Hungary's lesson for democracy advocates
Fifty years ago Monday, the 1956 Hungarian uprising put a crack in the Iron Curtain. But freedom came decades later.
October 1956 was much too eventful a time for Gen. Bela Kiraly to spend in a hospital bed – even if he was recovering from a harrowing five-year jail sentence for alleged treason.
In the streets of Budapest, secret police were mowing down ordinary Hungarians who on Oct. 23 attempted to have their demands for Soviet withdrawal read out on the state-controlled radio. But the protesters – armed only with Molotov cocktails and rifles – prevailed, driving out the Red Army tanks after only five days. Overwhelmed with joy at the apparent victory, a still-weak General Kiraly sneaked past his doctors on Oct. 29 to become commander of the Hungarian National Guard.
Though Kiraly and his new recruits were suppressed by Soviet troops less than a week later, their brave actions – known today as the Hungarian Uprising – are still seen as the first crack in the Iron Curtain, and are credited with starting the process that led to freedom for Hungary in 1989 and the fall of the Soviet Union in 1991.
"The Soviets committed the most despicable cheating," says Kiraly, who at 94 is the last surviving member of the uprising leaders. "It taught the world that their system was the enemy of human freedom. 1956 was the beginning of the end of Bolshevism."
As Hungary Monday marks the uprising's 50th anniversary, the commemorations are in danger of becoming overshadowed by politicians using the legacy of communism to divide the young democracy. After a month of demonstrations following the prime minister's admission that he lied to get reelected, the main opposition party is boycotting official events in favor of its own ceremony.
With such a long time needed to bring Hungarian democracy to this uneasy stage, many say the lesson of patience is an important one that should be applied to other nations in transition, such as Iraq.
"The lesson of Hungary is clear: Liberty can be delayed but it cannot be denied," President Bush said during a June visit to Budapest. "Defeating these enemies [in Iraq] will require ... the kind of patience Hungary displayed after 1956."
But others contend that that lesson of patience must also be applied to nations such as the US looking to foster democracy around the world.
"The war in Iraq shows us, in retrospect, that the US was right not to intervene in the Hungarian upheaval of 1956," wrote Olivier Roy, a longtime consultant to the French Foreign Ministry, in a Washington Post blog after Bush's visit. "It would have unleashed a bloody and protracted war in Europe, even if it ended in victory. Thirty-five years after the failed revolt in Hungary, the whole Soviet block collapsed from inside without any bloodshed. The lesson to be learned is that democratization cannot be forced on a country, it must be the result of a domestic political process, even a lengthy one."
Kiraly knows well the lengths to which his people went to achieve self-determination.
"The losses Hungary suffered show the tremendous force for freedom that exists in the world today," says the general, who suffered considerably himself.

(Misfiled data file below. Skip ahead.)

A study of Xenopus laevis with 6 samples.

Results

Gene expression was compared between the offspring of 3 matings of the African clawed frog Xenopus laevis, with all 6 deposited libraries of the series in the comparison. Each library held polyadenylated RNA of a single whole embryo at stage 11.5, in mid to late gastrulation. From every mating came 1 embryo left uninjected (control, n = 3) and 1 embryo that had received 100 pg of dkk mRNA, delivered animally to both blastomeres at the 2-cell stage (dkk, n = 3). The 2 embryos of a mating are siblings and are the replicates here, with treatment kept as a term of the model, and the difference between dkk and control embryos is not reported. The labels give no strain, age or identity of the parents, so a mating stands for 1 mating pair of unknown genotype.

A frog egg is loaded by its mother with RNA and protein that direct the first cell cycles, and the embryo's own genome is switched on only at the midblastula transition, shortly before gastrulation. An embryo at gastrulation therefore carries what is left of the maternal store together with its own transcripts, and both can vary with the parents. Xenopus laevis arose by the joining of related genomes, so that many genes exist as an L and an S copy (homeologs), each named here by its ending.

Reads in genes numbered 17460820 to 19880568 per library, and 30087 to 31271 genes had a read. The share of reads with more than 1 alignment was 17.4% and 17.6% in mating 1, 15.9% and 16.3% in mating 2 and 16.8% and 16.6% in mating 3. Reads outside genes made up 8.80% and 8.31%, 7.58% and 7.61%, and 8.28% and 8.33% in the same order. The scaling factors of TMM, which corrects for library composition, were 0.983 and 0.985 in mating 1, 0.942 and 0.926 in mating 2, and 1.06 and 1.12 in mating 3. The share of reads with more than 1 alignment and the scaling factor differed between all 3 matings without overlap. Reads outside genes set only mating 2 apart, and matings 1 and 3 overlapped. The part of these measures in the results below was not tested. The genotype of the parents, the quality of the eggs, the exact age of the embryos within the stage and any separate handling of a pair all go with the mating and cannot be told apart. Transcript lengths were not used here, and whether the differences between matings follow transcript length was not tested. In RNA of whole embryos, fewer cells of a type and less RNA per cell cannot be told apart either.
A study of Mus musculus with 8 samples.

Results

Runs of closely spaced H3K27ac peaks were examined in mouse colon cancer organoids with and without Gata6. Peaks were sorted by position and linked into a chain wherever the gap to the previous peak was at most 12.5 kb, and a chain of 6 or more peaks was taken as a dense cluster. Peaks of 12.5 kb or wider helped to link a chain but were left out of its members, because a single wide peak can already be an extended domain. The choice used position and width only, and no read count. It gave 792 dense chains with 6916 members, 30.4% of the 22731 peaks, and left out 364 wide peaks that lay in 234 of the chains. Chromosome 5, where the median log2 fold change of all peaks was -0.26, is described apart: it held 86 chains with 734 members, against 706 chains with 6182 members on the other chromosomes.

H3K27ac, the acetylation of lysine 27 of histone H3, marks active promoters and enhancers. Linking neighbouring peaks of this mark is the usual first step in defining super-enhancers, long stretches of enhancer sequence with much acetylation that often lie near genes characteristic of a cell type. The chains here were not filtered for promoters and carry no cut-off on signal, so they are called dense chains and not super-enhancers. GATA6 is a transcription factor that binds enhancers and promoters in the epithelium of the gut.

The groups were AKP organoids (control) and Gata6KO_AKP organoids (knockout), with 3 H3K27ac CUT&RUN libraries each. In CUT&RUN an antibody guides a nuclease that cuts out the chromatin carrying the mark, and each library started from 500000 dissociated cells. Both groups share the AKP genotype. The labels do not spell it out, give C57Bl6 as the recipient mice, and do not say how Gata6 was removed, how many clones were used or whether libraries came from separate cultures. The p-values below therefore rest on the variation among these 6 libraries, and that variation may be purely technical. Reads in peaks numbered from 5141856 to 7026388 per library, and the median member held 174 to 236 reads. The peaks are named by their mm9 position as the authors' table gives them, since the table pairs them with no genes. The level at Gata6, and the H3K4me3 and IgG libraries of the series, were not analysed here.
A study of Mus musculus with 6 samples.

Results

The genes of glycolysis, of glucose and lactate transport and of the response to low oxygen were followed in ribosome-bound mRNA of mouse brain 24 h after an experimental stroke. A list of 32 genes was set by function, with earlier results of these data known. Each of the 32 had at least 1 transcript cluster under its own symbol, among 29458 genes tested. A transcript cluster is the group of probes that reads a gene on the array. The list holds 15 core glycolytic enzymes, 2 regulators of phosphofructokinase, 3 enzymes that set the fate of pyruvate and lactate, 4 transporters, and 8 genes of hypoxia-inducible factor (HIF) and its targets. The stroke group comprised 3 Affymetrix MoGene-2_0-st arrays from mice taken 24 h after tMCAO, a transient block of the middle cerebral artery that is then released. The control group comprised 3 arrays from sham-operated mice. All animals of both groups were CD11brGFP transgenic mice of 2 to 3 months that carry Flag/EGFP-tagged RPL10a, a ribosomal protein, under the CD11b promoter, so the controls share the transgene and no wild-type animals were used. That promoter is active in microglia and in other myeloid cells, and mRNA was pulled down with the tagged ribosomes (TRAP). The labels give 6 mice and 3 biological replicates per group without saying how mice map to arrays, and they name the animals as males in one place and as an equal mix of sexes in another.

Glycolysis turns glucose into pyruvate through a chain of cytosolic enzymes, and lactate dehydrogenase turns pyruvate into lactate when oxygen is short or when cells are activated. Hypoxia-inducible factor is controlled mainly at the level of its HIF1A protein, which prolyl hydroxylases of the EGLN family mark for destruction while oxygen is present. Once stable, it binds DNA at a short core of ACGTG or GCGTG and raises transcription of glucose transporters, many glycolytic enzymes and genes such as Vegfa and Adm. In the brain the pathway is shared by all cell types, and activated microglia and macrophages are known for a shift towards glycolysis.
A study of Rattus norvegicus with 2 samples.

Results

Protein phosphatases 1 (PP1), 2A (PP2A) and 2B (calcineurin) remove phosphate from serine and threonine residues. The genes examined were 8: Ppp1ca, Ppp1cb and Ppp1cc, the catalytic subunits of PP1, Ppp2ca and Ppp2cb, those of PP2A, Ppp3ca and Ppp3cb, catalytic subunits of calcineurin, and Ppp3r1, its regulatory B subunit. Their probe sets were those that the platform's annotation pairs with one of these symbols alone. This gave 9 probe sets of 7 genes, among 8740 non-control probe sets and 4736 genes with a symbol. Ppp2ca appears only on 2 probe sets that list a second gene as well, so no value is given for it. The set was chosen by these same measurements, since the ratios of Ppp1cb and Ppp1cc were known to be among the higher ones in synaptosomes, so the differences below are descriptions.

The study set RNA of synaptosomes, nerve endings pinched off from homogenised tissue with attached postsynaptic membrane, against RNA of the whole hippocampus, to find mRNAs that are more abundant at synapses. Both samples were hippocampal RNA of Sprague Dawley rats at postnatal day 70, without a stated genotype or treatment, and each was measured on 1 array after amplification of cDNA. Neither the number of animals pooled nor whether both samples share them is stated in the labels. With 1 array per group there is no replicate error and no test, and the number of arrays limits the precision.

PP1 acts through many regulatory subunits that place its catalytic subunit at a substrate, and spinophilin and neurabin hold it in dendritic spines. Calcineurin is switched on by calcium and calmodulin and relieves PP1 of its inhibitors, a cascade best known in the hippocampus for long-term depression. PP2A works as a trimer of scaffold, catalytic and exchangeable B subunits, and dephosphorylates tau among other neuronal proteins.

His initial happiness at the apparent victory of the students quickly soured when – contrary to Hungarian expectations of American aid – the Soviets returned unopposed on Nov. 4 and crushed the uprising with overwhelming force.
Thousands died in the fighting and hundreds of thousands fled. Kiraly escaped hanging by joining the exodus and spent 33 years in exile fighting for the ideals of the uprising. When the Soviet Union was pressing the UN to drop Hungary from the agenda in the 1960s, Kiraly ignored death threats to campaign against such an action.
Since the fall of the Soviet Union, researchers have gained access to Moscow's archives, and learned that Soviet Leader Nikita Krushchev briefly considered letting Hungary off the leash. This has increased historians' claims that the US could have done more, but even with such hindsight, Kiraly believes the uprising was doomed as soon as the first shots rang out.
"After the atrocities, people wanted more than communist reform; they wanted democracy," he says. "Once we announced a multiparty system, invasion was certain. Nothing could have been done to help Hungary."
Though the US still takes flak for inflaming Hungarian protests through the CIA-funded Radio Free Europe (RFE) but remaining passive once fighting began, many agree that the US had few viable options short of provoking war with the Soviet Union.
The Suez crisis, which blew up at the same time, effectively removed the diplomatic options. The UN was far too busy dealing with the fallout from Britain, France, and Israel's attempts to regain control of Egypt's waterway to worry about Hungary.
"The only way to have liberated Hungary in 1956 would have been military action," says Prof. Michael Fox, director of the Cold War Studies Center at the London School of Economics. "The US didn't want to start World War III."
Even Kiraly, who desperately wanted his country to be free, knew that military intervention would lead to disaster.
"On November 1, 1956, a New York Times reporter told me if I were to dictate a declaration asking for help, he would print it," says Kiraly. "I told him I believed military intervention would end in nuclear war and Hungary would be the first to be evaporated."
But the conclusion for Hungary and for Kiraly turned out better. When the general returned to his country in 1989, he was treated to a hero's welcome by VIPs. But it was an unknown face that floored him.
"At the end of the line, an elegant man introduced himself as my son," Kiraly says. "He was six when I left. I was out of my mind with happiness."